A review of Fred, by Mick and Chloe Inkpen (Hodder) – by Penny Slater
(cover art used by kind permission)
As a teacher, I appreciate children’s books on many levels. Sometimes I appreciate a book simply because it has a good tale to tell and I can imagine recommending it to children, or their parents, as a good book to share at bedtime, or as an engaging independent read; sometimes I appreciate a book because I can imagine recommending it to a teacher as a great class read-aloud. Sometimes I appreciate a book because it offers me a way of tackling a tricky teaching point. And then sometimes a book comes along that offers all of these enticing opportunities all rolled into one! Thank you therefore Mick and Chloe Inkpen for creating ‘Fred’.
Fred is a playful pooch who despite knowing one or two things about adventures and getting into trouble, has not yet mastered the ability to tell the difference between a noun and a verb…and here-in lies the teaching opportunity.
Fred begins by telling us that he is becoming adept at many dog-related tasks: he can ‘sit’, ‘fetch’ and ‘stay’. But, as yet he has not learnt how ‘to Fred!’.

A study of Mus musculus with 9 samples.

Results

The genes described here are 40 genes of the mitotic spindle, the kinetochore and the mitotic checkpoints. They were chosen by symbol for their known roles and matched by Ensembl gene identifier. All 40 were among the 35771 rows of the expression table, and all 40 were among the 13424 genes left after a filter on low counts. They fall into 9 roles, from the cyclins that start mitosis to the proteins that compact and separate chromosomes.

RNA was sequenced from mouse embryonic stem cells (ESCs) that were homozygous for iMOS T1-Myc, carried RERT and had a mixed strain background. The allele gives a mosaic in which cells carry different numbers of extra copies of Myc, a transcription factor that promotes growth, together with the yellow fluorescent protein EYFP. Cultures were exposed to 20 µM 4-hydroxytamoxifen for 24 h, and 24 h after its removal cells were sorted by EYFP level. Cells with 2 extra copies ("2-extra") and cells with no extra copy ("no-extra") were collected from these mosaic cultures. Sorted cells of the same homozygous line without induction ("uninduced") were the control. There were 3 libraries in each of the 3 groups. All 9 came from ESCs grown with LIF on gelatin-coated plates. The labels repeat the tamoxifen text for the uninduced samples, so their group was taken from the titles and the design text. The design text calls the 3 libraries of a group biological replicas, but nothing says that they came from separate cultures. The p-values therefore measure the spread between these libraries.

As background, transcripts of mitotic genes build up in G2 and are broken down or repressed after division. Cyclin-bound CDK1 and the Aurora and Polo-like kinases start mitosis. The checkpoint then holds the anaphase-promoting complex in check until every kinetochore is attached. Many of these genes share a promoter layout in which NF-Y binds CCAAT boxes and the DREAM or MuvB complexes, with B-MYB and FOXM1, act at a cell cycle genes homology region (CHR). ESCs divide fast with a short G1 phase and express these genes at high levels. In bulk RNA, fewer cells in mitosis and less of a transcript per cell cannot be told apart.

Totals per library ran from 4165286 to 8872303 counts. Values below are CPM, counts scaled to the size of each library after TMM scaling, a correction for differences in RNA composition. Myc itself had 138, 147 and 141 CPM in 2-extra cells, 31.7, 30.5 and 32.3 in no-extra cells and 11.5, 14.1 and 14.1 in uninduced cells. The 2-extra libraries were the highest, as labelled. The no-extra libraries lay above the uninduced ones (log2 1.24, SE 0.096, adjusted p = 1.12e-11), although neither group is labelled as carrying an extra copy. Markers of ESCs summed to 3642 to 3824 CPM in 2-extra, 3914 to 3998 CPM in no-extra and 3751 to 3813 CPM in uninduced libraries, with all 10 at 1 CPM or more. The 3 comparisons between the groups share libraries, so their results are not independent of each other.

If only I could Fred.
But Fred? It makes no sense.
They laugh and shake their heads.
They say I’m dense.
But I will Fred one day.
I know I will.
If I can Fetch and Sit and Stay,
I’ll Fred. I know I will.
And they will clap and say,
Poor Fred! He clearly needs some help in distinguishing between his verbs and nouns…and this is where the children can step in. In my year 2 class, I would have the children take on the role of Fred’s Fairy Dogmother (every dog has one you know!) and write a letter to Fred in role explaining the mis-understanding behind his confusion. Before doing so, we would have a class discussion about the predicament that Fred finds himself in. Can the children explain his quandary in their own words? Then, can they use some words from the Year 2 ‘Terminology for pupils’ list to help them with their explanation (namely, command, noun, verb)?
Now for some fun…I would invite the children to attach their letters to cardboard cut-outs of bones and ‘bury’ them in the Year 1 play area for the younger children to find. Imagine if the year 1’s had also just finished reading this lovely text and then stepped outside to find letters from Fred’s very own Fairy Dogmother – surely that is guaranteed to give a real purpose for reading. Towards the end of the summer term, it would also of course gently introduce them to some of the grammatical terminology that they will be expected to master in year 2. For year 2 children (and their teachers), it will provide an excellent opportunity for them to express their knowledge and understanding of these key word classes in an engaging and meaningful way.
So, a little dog called Fred has provided us with a wonderful opportunity for some contextualised grammar teaching, and a real reason for writing. Thank you Fred (and Mick and Chloe of course!).